My worst nightmare! (Nearly)

Coming up from the bottom field we noticed that Black Betty, the female Trønder rabbit,  was carrying around a stack of straw in her mouth.  Moose had no idea but I guessed she might want to build a nest but it was a tad early.  She was only mated yesterday with Bam-ah-lam, the male Trønder.  I looked up on the net and yep, sure enough she was pregnant.  However, she was a lot further along than expected.  Rabbits build nests close to the end of pregnancy.

Moose got to making a nesting box for Black Betty’s new cage (at 10pm at night).  I was netting the strawberries to keep the birds away from the ripening fruit.  It sounded like Black Betty and Bam-ah-lam were having a fight so I ran over to see what was going on.  Black Betty was obviously sick of getting mounted.  There was blood all over the cage and Bam-ah-lam too.  I grabbed him to see where he was hurt but it was Black Betty that needed help.  In the corner of the cage I saw a little black wriggly thing.  It was at kit!  I whistled to Moose up at the barn (a talent most Australians have to grab the attention of someone down the street).  The next two minutes Moose ran around trying to get the new cage sorted and hayed while I protected Black Betty and the kit from Bam-ah-lam.  With each 30 seconds a new kit was born.  Black Betty travelled round to each corner of the cage to deliver.  With Bam-ah-lam in one hand I had to touch each kit to stimulate breathing.  I was a little freaked (being a city girl) but held it together for Black Betty, of course.  She was finally put in the new cage and we put the kits inside the nest box.  I went back on the computer to find out what to do next.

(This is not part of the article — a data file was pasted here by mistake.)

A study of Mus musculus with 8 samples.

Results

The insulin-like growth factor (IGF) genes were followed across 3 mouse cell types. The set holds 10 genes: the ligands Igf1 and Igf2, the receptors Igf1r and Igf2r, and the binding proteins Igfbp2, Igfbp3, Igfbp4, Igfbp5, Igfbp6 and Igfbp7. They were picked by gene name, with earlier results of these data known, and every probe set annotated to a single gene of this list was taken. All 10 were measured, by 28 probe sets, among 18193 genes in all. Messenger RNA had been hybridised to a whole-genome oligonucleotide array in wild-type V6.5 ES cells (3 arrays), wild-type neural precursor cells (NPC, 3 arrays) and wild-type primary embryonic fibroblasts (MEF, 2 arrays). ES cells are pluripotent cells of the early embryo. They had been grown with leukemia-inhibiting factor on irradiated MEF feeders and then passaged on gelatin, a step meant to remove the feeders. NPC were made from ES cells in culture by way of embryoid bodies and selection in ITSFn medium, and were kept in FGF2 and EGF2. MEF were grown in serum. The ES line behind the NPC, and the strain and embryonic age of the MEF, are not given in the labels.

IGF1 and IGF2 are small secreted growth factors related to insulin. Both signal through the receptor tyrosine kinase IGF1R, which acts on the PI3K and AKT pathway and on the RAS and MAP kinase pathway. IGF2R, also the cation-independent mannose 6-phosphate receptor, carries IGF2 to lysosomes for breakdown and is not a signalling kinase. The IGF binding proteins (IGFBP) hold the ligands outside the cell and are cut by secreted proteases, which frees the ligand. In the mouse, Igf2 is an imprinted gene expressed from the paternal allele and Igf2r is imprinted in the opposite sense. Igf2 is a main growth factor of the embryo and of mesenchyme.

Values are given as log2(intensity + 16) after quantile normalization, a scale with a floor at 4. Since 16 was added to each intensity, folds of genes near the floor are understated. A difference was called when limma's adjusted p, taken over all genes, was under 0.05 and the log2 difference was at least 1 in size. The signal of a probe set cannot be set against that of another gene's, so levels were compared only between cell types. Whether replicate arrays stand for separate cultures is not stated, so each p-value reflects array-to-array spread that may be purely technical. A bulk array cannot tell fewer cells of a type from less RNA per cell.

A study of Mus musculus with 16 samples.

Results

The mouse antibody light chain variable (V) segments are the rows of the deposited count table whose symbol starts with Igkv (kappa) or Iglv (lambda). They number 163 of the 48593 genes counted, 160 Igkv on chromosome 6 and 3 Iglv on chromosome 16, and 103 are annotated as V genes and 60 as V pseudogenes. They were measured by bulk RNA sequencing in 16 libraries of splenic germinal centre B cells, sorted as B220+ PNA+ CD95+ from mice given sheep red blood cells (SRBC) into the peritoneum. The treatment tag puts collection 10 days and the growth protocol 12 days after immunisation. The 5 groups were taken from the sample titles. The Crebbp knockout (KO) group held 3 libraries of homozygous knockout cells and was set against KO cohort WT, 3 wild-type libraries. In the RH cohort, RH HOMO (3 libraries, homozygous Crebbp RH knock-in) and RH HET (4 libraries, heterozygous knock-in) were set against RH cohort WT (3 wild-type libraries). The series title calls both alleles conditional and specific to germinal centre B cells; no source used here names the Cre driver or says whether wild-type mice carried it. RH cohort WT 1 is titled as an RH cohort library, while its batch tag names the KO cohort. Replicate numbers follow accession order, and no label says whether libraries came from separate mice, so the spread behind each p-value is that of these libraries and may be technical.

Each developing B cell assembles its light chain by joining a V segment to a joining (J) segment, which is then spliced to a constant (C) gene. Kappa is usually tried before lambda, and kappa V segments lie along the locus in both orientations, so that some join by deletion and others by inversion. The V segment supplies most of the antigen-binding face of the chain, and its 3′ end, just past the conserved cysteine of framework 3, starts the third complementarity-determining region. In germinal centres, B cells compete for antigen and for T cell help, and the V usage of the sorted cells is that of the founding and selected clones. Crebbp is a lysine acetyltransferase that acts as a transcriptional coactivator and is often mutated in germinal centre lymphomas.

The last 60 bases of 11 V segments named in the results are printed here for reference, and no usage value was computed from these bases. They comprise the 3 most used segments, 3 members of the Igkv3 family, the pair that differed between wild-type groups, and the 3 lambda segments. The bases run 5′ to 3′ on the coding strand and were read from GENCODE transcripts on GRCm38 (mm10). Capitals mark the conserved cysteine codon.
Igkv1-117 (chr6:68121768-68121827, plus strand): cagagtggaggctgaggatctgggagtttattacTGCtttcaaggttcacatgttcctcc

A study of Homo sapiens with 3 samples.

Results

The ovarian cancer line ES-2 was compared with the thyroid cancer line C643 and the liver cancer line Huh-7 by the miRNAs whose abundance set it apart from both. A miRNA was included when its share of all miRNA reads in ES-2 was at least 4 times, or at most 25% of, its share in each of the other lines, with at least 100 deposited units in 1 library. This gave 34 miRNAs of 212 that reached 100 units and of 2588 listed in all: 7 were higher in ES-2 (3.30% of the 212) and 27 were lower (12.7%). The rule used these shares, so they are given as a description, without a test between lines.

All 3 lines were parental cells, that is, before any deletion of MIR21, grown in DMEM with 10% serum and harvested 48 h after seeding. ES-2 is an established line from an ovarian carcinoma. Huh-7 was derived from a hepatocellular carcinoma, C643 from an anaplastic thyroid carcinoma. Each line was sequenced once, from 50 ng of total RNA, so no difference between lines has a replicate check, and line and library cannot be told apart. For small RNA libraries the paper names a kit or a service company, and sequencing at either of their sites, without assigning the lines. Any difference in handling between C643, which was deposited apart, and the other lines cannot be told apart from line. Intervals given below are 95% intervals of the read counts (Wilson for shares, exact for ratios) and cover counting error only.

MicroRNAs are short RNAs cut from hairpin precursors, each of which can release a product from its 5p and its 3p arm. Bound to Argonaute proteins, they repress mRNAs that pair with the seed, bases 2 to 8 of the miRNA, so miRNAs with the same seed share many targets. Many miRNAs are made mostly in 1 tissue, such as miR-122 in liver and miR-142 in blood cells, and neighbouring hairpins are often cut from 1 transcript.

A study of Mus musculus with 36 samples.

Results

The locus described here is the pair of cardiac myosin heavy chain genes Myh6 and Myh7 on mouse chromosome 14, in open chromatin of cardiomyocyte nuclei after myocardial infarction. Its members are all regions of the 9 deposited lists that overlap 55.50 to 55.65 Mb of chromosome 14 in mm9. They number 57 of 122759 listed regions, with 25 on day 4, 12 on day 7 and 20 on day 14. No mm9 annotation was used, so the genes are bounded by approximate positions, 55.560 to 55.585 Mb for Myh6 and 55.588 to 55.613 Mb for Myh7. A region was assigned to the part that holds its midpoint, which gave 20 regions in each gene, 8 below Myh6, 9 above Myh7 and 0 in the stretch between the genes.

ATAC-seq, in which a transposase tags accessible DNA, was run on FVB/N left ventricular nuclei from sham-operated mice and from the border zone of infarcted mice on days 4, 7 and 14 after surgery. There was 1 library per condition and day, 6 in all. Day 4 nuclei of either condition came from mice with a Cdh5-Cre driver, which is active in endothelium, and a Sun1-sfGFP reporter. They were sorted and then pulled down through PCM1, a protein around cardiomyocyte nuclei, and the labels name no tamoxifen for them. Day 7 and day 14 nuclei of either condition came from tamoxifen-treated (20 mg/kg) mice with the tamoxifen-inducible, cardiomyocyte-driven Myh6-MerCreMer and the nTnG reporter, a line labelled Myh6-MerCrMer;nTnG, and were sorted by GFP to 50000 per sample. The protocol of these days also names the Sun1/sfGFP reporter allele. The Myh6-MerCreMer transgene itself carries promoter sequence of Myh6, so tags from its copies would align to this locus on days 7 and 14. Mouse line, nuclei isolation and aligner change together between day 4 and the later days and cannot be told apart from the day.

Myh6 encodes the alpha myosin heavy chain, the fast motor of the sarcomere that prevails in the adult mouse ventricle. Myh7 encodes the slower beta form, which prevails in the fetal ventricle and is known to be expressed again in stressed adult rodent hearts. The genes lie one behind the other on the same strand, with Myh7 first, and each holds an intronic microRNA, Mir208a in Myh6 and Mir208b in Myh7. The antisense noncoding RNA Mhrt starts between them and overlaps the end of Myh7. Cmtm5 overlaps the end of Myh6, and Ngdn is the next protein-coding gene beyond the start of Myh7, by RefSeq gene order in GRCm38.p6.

Black Betty rearranged the hay nest and then ripped out her fur (somthing that would have freaked me out if I didn’t read about it first).  She made a warm haven with her fur for her kits.  She is an amazingly good mother.  After this little experience I’ve grown very fond of Black Betty.

I went to Bam-ah-lam to clean and move his cage.  The blood would certainly attract predators.  Gråbein, the giant farm cat, was already on the prowl.  I removed the placenta – often it is eaten by the mother (as most mammals do) which provides a good source of nutrients (so I read on the net).

Moose and I slumped on the couch.  It was much unexpected work.  Then I became angry.  This could have been a total disaster if the kits had been born on the plane flying up to Alta!  The next morning Moose called the breeder to find out what could have happened.  She had tried to breed Black Betty and Bam-ah-lam a month ago but thought it was unsuccessful.  She failed to mention this throughout our whole contact.  Very irresponsible.  We could have lost all kits and mother.  We were just lucky that today we purchased a maternity cage, and Moose built it, that we saw Black Betty with the straw and that I went netting strawberries at 10pm at night.  Anyway, the kits and mum are doing well.  I’m very proud of them.  Will have to see how the feeding is going in a day or so but for now  Black Betty is filling up on yummy clover.

Bam-ah-lam is a little lonely now but is enjoying having the high bench to himself.